Disclaimer: The findings and conclusions in this article are those of the authors and do not necessarily represent the official position of the Centers for Disease Control and Prevention.
Sleep duration and body mass index and waist circumference among Us adults
Article first published online: 15 OCT 2013
Copyright © 2013 The Obesity Society
Volume 22, Issue 2, pages 598–607, February 2014
How to Cite
Ford, E. S., Li, C., Wheaton, A. G., Chapman, D. P., Perry, G. S. and Croft, J. B. (2014), Sleep duration and body mass index and waist circumference among Us adults. Obesity, 22: 598–607. doi: 10.1002/oby.20558
Disclosure: The authors have no competing interests.
- Issue published online: 3 FEB 2014
- Article first published online: 15 OCT 2013
- Accepted manuscript online: 9 JUL 2013 01:59AM EST
- Manuscript Accepted: 20 JUN 2013
- Manuscript Revised: 31 MAY 2013
- Manuscript Received: 4 APR 2013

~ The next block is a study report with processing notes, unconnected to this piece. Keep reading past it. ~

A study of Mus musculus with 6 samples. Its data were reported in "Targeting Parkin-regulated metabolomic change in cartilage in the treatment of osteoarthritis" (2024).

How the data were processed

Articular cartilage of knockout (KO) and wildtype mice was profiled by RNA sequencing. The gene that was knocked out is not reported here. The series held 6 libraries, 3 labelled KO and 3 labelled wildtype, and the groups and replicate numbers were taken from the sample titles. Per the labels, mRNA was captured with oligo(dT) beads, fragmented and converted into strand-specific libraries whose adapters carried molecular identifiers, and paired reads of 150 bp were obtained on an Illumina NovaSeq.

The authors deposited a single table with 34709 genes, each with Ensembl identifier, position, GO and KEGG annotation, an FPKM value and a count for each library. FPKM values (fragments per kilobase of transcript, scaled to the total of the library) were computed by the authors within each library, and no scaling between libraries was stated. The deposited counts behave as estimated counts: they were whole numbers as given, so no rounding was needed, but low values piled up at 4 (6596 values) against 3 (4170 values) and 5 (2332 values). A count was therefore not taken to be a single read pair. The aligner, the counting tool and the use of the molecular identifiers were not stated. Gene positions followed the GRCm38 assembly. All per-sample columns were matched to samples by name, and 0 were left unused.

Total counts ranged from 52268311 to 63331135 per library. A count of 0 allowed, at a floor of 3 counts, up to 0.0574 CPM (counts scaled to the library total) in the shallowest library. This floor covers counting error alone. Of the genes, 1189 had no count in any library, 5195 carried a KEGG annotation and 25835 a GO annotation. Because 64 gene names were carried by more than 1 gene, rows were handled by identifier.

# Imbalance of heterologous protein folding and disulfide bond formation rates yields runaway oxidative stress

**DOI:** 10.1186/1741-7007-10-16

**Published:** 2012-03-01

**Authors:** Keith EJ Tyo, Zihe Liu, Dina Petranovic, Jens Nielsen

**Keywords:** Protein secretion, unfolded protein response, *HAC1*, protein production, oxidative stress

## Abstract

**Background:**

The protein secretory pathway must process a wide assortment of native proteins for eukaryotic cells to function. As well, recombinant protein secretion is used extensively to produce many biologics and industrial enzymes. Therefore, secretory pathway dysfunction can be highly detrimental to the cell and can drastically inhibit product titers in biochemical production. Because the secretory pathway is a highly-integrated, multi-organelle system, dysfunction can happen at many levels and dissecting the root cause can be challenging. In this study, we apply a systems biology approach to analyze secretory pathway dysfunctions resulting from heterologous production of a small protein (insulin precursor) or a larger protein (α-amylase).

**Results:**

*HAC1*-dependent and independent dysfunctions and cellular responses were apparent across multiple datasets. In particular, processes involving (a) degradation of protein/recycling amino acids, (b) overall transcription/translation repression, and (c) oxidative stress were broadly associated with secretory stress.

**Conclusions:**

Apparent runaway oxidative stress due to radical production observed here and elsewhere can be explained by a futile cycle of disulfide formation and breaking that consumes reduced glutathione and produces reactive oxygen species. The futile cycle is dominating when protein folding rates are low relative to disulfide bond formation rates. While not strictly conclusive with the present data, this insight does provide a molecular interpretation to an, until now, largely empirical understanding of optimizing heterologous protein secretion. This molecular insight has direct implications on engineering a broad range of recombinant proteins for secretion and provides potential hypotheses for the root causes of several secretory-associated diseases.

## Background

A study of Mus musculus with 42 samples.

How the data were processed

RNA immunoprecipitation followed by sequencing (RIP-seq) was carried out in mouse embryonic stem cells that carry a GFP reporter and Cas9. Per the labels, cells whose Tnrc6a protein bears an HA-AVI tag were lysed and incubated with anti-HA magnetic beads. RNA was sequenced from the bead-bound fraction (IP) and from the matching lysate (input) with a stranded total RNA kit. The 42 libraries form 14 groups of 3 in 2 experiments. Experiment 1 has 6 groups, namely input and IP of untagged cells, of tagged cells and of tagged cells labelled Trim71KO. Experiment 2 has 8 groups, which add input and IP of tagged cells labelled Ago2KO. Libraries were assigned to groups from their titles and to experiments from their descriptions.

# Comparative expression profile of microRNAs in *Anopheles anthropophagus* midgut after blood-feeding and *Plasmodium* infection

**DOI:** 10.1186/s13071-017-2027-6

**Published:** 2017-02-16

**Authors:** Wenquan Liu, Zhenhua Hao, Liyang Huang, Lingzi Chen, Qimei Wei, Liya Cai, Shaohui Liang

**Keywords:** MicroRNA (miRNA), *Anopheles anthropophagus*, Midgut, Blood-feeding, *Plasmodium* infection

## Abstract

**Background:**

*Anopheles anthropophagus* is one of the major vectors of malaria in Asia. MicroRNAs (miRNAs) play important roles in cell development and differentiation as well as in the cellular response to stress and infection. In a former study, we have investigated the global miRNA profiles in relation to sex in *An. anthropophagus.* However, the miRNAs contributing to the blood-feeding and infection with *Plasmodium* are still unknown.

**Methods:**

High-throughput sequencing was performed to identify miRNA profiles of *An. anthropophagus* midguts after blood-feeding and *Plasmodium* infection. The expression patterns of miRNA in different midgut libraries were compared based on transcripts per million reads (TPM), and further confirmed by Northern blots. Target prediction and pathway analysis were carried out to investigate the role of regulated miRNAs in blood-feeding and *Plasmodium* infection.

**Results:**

To examine the form of the relationship between sleep duration and anthropometric measures and possible differences in these relationships by gender and race or ethnicity.
Design and Methods
Data for 13,742 participants aged ≥20 years from the National Health and Nutrition Examination Survey 2005-2010 were used. Sleep duration was categorized as ≤6 (short sleepers), 7-9, and ≥10 hours (long sleepers).
Short sleepers were as much as 1.7 kg/m2 (SE 0.4) heavier and had 3.4 cm (SE 1.0) more girth than long sleepers. Among participants without depression or a diagnosed sleep disorder, sleep duration was significantly associated with body mass index (BMI) and waist circumference in an inverse linear association in the entire sample, men, women, whites, African Americans, and participants aged 20-39 years. No evidence for statistical interaction by gender and race or ethnicity was observed. Regression coefficients were notably stronger among adults aged 20-39 years. Compared to participants who reported sleeping 7-9 hours per night, short sleepers were more likely to be obese and have abdominal obesity.
In this nationally representative sample of US adults, an inverse linear association most consistently characterized the association between sleep duration and BMI and waist circumference.